QuickStart: Enabling and disabling (VB6)

 PLEASE NOTE: SimplyVBA and SimplyVB6 have been superseded by vbWatchdog.
This page exists for archival purposes only.  
Upgrade licences of vbWatchdog are available at a discounted rate.

The basics

The information below applies only to the VB6 edition of the global error handler (SimplyVB6 Global Error Handler)

To demonstrate how to enable and disable the SimplyVB6 Global Error Handler, let's create a simple example application.  We will add a global error handler to your application that simply logs all errors that occur to a text file.

Step 1. Add the VB6 COM Reference

Create a new VB6 EXE application and go to the Project >> References...  menu option.

(Alternatively, you can go do this with the Add-Ins >> SimplyVB6 Global Error Handler >> Setup normal COM library DLL support option)


Put a tick next to the 'SimplyVB6 Global Error Handler Library' (as above).
Press OK.

Step 2. Add the initialization VB6 code

You need to activate the library by telling it where the procedure you want to run on error is located. We do this using the AddressOf VB6 feature.

Copy and paste the following code into your VBA module:
Public Sub EnableErrorHandler()
    If ErrEx.EnableGlobalErrorHandler(AddressOf MyGlobalErrorHandler, True) = False Then
    	MsgBox "EnableErrorHandler() failed.  Failed to activate the global error handler."
    End If
End Sub

Public Sub DisableErrorHandler()
End Sub

The DisableErrorHandler routine is completely optional and not required here. Once your application is unloaded, the VB6 Global Error Handler is also unloaded automatically.  In this example we won't be using it.

Step 3. Call our initialization procedure in your startup routine

In order for our error handler to be initialized when your application is loaded, you should call our new procedure from your startup routine (either in Sub Main() or from your initial startup form).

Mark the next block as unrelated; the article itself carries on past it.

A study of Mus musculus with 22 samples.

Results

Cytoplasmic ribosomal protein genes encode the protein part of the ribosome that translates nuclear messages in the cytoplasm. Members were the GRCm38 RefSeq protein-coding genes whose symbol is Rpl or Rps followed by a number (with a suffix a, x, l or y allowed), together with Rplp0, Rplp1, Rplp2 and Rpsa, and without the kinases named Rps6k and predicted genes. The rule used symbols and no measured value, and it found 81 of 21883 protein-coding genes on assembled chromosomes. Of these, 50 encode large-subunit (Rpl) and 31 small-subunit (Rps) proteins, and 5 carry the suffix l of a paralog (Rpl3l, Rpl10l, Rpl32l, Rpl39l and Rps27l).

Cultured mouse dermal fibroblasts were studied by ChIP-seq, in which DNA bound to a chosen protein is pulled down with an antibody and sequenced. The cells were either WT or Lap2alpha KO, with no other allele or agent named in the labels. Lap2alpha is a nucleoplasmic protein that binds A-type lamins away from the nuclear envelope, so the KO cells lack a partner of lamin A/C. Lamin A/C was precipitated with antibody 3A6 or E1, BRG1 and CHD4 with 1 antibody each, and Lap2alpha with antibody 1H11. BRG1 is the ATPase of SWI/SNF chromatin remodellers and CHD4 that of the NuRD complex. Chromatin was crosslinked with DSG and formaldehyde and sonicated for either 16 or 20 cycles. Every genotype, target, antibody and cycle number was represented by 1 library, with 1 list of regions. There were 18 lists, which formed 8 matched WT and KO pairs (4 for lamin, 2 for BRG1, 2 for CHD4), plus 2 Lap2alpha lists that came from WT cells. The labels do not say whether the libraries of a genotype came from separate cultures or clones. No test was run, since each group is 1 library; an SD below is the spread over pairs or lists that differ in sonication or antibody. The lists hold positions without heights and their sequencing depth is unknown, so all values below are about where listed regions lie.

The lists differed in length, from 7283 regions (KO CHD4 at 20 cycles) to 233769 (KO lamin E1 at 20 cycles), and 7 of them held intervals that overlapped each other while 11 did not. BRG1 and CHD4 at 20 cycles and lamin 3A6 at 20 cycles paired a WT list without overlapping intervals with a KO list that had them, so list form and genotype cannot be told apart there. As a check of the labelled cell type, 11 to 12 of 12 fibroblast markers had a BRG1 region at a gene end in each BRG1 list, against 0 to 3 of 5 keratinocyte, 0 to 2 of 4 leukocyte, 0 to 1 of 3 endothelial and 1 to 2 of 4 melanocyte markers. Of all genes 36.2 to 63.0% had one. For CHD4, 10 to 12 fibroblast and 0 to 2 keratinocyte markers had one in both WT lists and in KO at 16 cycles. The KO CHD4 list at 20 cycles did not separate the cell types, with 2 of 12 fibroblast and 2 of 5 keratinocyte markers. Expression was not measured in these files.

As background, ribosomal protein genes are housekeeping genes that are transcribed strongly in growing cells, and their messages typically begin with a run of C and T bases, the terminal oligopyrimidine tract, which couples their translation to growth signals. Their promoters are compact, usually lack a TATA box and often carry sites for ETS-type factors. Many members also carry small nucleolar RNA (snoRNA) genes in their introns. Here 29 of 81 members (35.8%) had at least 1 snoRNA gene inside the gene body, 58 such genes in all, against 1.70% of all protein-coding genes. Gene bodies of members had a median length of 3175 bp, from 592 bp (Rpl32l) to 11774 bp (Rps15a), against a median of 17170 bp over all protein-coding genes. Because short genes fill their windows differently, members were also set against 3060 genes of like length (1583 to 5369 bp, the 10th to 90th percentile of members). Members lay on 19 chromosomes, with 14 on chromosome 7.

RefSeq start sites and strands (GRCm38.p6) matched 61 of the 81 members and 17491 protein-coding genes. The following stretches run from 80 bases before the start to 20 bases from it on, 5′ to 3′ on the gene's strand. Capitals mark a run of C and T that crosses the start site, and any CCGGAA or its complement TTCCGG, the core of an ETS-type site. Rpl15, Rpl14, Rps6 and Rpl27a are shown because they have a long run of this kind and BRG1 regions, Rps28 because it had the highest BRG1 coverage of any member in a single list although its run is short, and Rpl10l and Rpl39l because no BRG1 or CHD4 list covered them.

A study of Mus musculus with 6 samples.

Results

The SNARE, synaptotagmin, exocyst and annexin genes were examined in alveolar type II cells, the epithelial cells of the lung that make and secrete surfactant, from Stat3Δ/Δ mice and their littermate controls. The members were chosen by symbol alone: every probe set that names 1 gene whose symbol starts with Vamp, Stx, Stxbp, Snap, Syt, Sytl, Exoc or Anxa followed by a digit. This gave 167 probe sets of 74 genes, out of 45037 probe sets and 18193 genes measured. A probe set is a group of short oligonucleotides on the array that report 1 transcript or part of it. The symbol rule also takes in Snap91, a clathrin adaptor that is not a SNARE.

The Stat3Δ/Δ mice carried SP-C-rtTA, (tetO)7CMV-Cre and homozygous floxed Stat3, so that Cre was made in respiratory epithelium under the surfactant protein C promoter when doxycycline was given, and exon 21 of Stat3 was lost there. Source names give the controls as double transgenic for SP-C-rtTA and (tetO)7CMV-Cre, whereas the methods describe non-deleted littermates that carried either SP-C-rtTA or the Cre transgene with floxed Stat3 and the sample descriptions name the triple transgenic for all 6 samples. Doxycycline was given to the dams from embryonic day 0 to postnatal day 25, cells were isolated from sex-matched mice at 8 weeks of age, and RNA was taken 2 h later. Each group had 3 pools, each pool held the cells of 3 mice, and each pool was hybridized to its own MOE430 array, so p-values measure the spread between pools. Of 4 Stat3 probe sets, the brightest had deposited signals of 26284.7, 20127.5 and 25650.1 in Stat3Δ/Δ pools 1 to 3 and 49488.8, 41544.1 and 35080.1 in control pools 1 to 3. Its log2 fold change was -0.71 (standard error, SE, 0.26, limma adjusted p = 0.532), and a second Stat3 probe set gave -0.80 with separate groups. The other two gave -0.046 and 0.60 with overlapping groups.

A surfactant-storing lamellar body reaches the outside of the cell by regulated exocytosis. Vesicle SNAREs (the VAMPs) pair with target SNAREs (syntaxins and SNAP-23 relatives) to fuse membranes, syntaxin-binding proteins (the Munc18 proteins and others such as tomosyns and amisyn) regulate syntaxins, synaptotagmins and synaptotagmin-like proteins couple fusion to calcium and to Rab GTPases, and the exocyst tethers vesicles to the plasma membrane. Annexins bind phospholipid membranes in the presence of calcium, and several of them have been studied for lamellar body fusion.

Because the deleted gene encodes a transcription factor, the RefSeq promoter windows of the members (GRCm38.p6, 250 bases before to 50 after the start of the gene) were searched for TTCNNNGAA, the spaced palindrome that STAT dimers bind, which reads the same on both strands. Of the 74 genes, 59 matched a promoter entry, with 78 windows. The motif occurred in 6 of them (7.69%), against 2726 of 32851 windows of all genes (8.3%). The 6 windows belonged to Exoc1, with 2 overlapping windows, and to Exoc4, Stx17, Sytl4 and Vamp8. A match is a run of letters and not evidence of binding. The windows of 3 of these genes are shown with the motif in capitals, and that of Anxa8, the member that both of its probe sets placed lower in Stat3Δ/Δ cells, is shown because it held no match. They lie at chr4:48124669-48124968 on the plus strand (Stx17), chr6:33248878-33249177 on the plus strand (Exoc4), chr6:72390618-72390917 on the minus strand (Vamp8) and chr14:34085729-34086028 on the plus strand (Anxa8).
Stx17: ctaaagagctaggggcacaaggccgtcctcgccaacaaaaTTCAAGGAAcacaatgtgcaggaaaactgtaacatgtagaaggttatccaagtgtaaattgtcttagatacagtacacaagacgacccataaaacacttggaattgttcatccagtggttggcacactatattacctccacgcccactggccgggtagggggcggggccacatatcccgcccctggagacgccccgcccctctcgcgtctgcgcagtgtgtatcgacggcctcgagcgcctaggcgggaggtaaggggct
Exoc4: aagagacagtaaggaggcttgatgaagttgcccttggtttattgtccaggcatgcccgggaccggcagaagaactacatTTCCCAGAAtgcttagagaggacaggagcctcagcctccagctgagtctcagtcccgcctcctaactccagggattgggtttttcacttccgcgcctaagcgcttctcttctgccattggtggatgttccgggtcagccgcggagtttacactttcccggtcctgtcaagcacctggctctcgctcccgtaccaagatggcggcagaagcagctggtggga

Step 4. Implement our global error handling routine

Now for the important part.

In the initialization code, we have set the global error handler name as "MyGlobalErrorHandler".

So we now need to implement the procedure. Create a new standard module - name it ModGlobalErrorHandler and then copy & paste this code:
Public Sub MyGlobalErrorHandler()


End Sub

Public Sub LogErrorToFile()
    Dim FileNum As Long
    Dim LogLine As String
    On Error Resume Next ' If this procedure fails, something fairly major has gone wrong.
    FileNum = FreeFile
    Open "C:\ErrorLog.txt" For Append Access Write Lock Write As FileNum

        Print #FileNum, Now() & " - " & CStr(ErrEx.Number) & " - " & CStr(ErrEx.Description)
        'We will separate the call stack onto separate lines in the log
	With ErrEx.CallStack
                Print #FileNum, "       --> " & .ProjectName & "." & _
                                .ModuleName & "." & _
                                .ProcedureName & ", " & _
                                "#" & .LineNumber & ", " & _
                                .LineCode & vbCrLf
            Loop While .NextLevel
	End With

    Close FileNum

End Sub
This routine (above) is simply logging every error that occurs to a log file on your C drive. Nothing fancy for this example.

Now try it out!

Create a form with a command button and raise an artificial error (division by zero in this example):
Private Sub Command1_Click()

    MsgBox 1 / 0

End Sub
Now open your application ensuring that the initialization routine (EnableErrorHandler) is run. On clicking the test button you should now see the new default Vista dialog in all it's glory:

Basic Vista Error Dialog Example picture

The Vista dialog is fully customizable (and you certainly don't have to use it if you'd prefer to set up your own form dialog instead).

Now just check the C:\ErrorLog.txt file was generated by opening the file in Notepad:

Basic Example Error Log picture

Tip:  If you're new to using the SimplyVB6 Global Error Handler, I strongly recommend you set a breakpoint on the 'MsgBox 1 / 0' line of code and then step through the error (F8 key) to understand the program flow better.

Tips on implementing your global error handler routine

  1. Always use the ErrEx function inside of your global error handler routine instead of Err
  2. Errors that occur inside of your global error handler routine will not be passed on to the global error handler recursively.   Instead, use local error handling inside of your global error handling, if you so wish.
  3. The properties of ErrEx are unique to the error that is being handled, and not effected by any local errors that may occur inside of your global error handling routines (unlike Err)
  4. Set breakpoints and step through the errors and global error handling routines. It might sound obvious, but it's worth remembering.
  5. If writing an AddIn, pass True to the second (optional) parameter of the EnableGlobalErrorHandler so that you only listen to errors that occur inside of your AddIn.